Trump”s last stand marches into final debate facing nearimpossible mission


Nobody in the era of modern opinion polling has recovered to win the presidency when trailing by such margins at this late stage in the race, with the election in less than three weeks and advance voting already underway.

Trump tells his supporters to ignore it.

“You can”t believe anything you see. I don”t even believe the polls,” Trump told a rally on the eve of his third and final debate against Hillary Clinton.

“(The media) don”t want to show you the good. If they take five polls of the same group, they will always show the bad one.”

There is no shortage of so-called bad ones. Of the last 25 national head-to-head polls compiled by the website RealClearPolitics, Trump led just one. Clinton”s margin of victory had grown to an average of about seven percentage points.

Tonight is likely his final campaign opportunity to speak to a prime-time audience of this size.

The first two debates didn”t help.

Every scientific survey conducted afterward suggested viewers felt he lost. He bragged about not paying taxes, allowed Clinton to draw him into a multi-day feud with a former Miss Universe and threatened to jail his rival — all in front of invited guests that included several women known for having accused Bill Clinton of sexual assault. 

While ardent Trump fans profess their support on unscientific online surveys, more credible polls show there is resistance to his candidacy from one important group of Americans: suburban women. 

One poll from Fox News this week shows him losing suburban women by a whopping 24-per-cent gap, causing him to trail significantly in the suburbs — which Mitt Romney won.

People close to Trump signalled Wednesday how he might try expanding his appeal. In cable-news interviews, his campaign manager Kellyanne Conway and a Republican party spokesman said he”d hammer home the message of change.

It”s consistent with his statements of recent days — he”s proposed ethics reforms like term limits for lawmakers, suggested new restrictions for lobbyists, criticized Clinton cronyism and unveiled as his new rallying cry the slogan, “Drain the swamp.”

“This is a change election,” Republican official Sean Spicer told Fox News.

“And tonight you”re going to continue to see the contrast: that if you like the status quo, if you like the way things are going, you vote for the people who”ve been in Washington forever and brag about how many offices they”ve held… Donald Trump”s gotta make the closing argument, “If you”re ready for change, I”m your guy.””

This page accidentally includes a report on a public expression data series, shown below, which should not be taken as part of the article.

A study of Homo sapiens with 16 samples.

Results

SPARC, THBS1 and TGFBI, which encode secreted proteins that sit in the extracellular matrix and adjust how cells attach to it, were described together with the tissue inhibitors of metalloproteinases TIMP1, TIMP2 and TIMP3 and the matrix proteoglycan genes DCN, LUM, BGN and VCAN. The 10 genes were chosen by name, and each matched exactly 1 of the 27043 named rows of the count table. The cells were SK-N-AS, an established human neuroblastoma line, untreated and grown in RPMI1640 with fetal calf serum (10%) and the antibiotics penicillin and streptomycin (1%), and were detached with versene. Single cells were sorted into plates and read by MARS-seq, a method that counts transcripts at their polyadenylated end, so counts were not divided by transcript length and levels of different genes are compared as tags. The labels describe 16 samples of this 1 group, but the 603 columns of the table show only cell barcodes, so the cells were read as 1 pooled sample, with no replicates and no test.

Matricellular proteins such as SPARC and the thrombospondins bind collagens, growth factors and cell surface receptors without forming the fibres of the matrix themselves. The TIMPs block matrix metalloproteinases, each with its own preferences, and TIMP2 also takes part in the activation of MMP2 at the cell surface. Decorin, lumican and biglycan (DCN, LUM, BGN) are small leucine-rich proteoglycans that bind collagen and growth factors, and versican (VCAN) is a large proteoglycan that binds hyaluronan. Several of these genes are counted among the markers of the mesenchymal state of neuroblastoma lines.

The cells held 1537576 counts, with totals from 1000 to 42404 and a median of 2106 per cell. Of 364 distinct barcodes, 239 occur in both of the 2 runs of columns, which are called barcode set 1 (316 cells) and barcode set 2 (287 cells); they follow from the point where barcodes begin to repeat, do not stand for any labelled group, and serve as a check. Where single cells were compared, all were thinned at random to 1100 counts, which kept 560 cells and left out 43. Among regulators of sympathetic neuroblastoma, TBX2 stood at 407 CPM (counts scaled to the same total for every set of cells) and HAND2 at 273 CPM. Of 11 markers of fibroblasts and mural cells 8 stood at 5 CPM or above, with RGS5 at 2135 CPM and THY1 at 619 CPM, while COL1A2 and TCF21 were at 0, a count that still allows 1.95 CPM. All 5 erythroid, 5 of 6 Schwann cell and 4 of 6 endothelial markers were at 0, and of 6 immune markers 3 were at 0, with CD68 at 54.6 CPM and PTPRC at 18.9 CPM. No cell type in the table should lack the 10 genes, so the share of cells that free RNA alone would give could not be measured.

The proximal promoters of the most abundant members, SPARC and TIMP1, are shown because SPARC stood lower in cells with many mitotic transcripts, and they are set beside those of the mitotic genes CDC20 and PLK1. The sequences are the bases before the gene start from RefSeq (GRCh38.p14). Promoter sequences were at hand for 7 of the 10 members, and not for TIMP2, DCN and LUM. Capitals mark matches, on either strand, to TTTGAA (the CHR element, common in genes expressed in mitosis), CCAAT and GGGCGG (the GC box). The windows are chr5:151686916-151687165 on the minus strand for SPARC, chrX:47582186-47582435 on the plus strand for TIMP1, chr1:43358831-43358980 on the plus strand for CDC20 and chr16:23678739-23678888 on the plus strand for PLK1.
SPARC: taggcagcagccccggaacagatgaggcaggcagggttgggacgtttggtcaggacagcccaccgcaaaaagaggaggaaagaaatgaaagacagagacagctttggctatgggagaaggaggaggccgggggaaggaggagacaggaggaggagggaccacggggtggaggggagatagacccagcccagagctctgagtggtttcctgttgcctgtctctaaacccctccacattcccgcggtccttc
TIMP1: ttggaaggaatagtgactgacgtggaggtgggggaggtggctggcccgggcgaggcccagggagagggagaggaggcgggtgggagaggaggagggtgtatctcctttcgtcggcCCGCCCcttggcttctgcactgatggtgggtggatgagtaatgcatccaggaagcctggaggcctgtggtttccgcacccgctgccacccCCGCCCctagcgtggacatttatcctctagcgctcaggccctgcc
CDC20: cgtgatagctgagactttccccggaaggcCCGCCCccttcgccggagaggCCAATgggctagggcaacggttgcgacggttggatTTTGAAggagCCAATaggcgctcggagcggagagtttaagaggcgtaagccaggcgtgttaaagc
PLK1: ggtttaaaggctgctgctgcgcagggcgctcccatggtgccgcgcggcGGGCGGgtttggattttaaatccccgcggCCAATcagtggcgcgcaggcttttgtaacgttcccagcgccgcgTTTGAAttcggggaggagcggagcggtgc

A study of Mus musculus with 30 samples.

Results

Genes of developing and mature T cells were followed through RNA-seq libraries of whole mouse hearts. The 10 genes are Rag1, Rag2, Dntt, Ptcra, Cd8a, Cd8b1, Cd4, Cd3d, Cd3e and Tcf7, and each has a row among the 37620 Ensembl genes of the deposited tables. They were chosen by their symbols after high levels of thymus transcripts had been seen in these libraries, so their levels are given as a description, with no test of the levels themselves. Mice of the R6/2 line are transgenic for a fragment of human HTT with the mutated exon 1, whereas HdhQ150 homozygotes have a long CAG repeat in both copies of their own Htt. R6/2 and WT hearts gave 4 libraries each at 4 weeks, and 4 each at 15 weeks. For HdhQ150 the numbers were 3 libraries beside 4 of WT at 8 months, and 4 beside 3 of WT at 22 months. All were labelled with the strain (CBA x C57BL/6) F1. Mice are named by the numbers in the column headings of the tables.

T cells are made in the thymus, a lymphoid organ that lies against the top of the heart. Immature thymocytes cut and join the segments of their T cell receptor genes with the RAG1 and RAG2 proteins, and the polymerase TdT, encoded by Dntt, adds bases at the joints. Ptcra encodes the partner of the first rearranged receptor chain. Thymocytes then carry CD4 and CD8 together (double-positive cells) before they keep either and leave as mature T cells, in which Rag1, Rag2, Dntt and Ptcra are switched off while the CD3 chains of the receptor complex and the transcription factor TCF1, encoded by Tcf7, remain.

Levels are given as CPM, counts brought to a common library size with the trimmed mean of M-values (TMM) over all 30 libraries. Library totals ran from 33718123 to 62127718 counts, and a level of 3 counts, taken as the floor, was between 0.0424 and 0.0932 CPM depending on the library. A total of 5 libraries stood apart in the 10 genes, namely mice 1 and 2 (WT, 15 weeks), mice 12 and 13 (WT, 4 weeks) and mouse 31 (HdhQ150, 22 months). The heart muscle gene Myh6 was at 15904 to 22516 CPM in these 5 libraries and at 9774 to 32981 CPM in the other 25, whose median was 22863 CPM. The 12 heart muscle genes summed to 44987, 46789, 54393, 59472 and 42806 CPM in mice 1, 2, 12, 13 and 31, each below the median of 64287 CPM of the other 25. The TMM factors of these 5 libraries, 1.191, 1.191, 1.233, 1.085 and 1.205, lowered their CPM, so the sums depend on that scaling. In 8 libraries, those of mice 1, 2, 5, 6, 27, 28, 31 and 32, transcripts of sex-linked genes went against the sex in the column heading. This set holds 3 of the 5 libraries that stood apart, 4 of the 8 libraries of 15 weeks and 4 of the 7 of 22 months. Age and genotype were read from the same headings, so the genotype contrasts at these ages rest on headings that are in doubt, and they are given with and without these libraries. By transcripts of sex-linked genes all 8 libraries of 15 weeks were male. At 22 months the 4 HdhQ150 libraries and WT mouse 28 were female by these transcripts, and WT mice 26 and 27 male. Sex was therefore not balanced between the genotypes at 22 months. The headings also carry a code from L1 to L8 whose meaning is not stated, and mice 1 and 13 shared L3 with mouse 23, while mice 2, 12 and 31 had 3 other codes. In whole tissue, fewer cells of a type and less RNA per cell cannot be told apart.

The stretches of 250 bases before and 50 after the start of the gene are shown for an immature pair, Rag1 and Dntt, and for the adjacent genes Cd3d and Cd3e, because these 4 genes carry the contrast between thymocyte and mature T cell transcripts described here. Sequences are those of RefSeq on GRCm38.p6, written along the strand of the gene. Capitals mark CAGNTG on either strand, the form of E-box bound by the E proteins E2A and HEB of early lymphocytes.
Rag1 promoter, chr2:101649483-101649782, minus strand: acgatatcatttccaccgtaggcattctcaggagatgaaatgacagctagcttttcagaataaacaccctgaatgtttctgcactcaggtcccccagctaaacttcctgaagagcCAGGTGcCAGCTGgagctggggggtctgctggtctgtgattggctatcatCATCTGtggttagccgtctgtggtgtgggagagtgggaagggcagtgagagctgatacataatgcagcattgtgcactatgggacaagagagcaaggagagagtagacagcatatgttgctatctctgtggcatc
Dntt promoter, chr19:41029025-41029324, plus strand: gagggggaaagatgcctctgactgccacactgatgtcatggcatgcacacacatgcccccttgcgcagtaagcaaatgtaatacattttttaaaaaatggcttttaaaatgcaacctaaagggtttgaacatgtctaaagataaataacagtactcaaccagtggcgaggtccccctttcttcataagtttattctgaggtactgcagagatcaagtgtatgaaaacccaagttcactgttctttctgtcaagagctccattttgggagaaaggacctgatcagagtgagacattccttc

There are two sizeable obstacles on that path.

Every poll suggests the self-styled change agent is less popular than the current president. Second, the Fox survey suggests that when respondents are asked who”ll deliver the best change, he”s three per cent behind Clinton.

The other disheartening news for Trump is that third debates tend not to matter much. Historically they have drawn the smallest audiences, and made the tiniest impact on voting intentions.

Fivethirtyeight.com compared polls before and after debates and found the numbers usually shifted less than one percentage point following the third debate, with the rare exception of 1992 when third-party spoiler Ross Perot had a big impact.

Trump needs more than a one-point bounce.

Clinton leads in every major swing state except Ohio. She also leads in less-friendly North Carolina, and is competitive in places like Georgia and Arizona — which has only voted Democrat only once since 1952.

The Democrats appear so confident of beating Trump that they”ve shifted their message. They”re now targeting down-ballot Republicans, blaming lesser-known lawmakers for enabling Trump”s improbable rise.

On a related note, Trump has reportedly invited, as guests to the last debate, Barack Obama”s African half-brother, and relatives of victims of the deadly 2012 attack on the U.S. embassy in Benghazi, Libya.